On this day, about two thousands angry youths stormed a mosque in the riot-torn city of Jos, a city in the Middle Belt region of Nigeria. Thousands of troops and police patrolled the streets of the central city after the clashes between rival Christians and Muslims over the result of a local election.
It was reported that the electoral workers did not publicly list the winners of the elections, and rumours began that the election was won by the candidate of the People’s Democratic Party (PDP), barrister Timothy Gyang Buba, defeating the candidate of the All Nigeria People’s Party (ANPP). People from the largely Muslim Hausa community began protesting even before the results were released, which led to the clashes that claimed hundreds of lives between the Muslims, and Christians who largely supported Buba.
Youths entered the main mosque as the speaker of the House of Representatives, Dimeji Bankole, made an appeal to Muslim leaders for calm. The two days of rioting left hundreds injured and at least 761 dead. Homes, mosques, churches and schools were damaged or burned by mobs. The Nigerian Red Cross Society reported that 10,000 people fled their homes due to the riots, and were living in government-provided shelters. Nigerian soldiers were sent into Jos to break up the fighting and create a buffer zone between the Christians and Muslims. Flights to and from Jos were canceled and roads to the north were blocked.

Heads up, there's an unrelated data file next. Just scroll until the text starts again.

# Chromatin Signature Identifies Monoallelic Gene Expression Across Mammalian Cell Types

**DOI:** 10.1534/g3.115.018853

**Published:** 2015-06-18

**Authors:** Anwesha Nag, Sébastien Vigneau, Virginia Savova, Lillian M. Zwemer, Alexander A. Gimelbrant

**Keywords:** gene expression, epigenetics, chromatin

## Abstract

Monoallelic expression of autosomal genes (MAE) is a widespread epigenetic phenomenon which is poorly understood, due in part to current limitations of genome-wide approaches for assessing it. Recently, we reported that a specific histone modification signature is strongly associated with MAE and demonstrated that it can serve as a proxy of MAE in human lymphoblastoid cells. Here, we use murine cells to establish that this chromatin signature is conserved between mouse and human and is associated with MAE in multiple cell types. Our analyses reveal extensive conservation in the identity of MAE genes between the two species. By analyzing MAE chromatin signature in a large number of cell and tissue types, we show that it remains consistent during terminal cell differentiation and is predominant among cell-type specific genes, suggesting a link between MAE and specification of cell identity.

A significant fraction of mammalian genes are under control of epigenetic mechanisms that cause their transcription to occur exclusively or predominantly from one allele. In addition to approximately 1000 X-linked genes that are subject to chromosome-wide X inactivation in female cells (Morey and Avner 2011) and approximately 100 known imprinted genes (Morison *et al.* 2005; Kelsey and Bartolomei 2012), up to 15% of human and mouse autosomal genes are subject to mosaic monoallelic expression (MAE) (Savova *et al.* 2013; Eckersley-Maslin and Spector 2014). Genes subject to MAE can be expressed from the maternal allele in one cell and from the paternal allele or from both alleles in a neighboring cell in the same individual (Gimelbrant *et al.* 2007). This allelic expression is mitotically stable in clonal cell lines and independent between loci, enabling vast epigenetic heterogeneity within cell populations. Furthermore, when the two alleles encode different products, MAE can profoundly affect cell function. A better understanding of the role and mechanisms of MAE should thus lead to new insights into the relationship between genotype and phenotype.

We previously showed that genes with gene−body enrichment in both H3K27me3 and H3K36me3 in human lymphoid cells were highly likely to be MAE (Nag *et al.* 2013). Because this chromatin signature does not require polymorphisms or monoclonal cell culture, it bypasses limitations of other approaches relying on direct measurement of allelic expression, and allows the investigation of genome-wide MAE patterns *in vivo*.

The governor of Plateau state, Jonah Jang, imposed a 24-hour curfew on four districts of the city, and soldiers were permitted to shoot on sight to prevent more violence. Human Rights Watch alleged that soldiers and police carried out more than 130 extra judicial killings while responding to the riots. Many armed youths of both sides were arrested at the military roadblocks. Police reported that more than 500 people were arrested as a result of the riots. But state officials said no one was successfully prosecuted.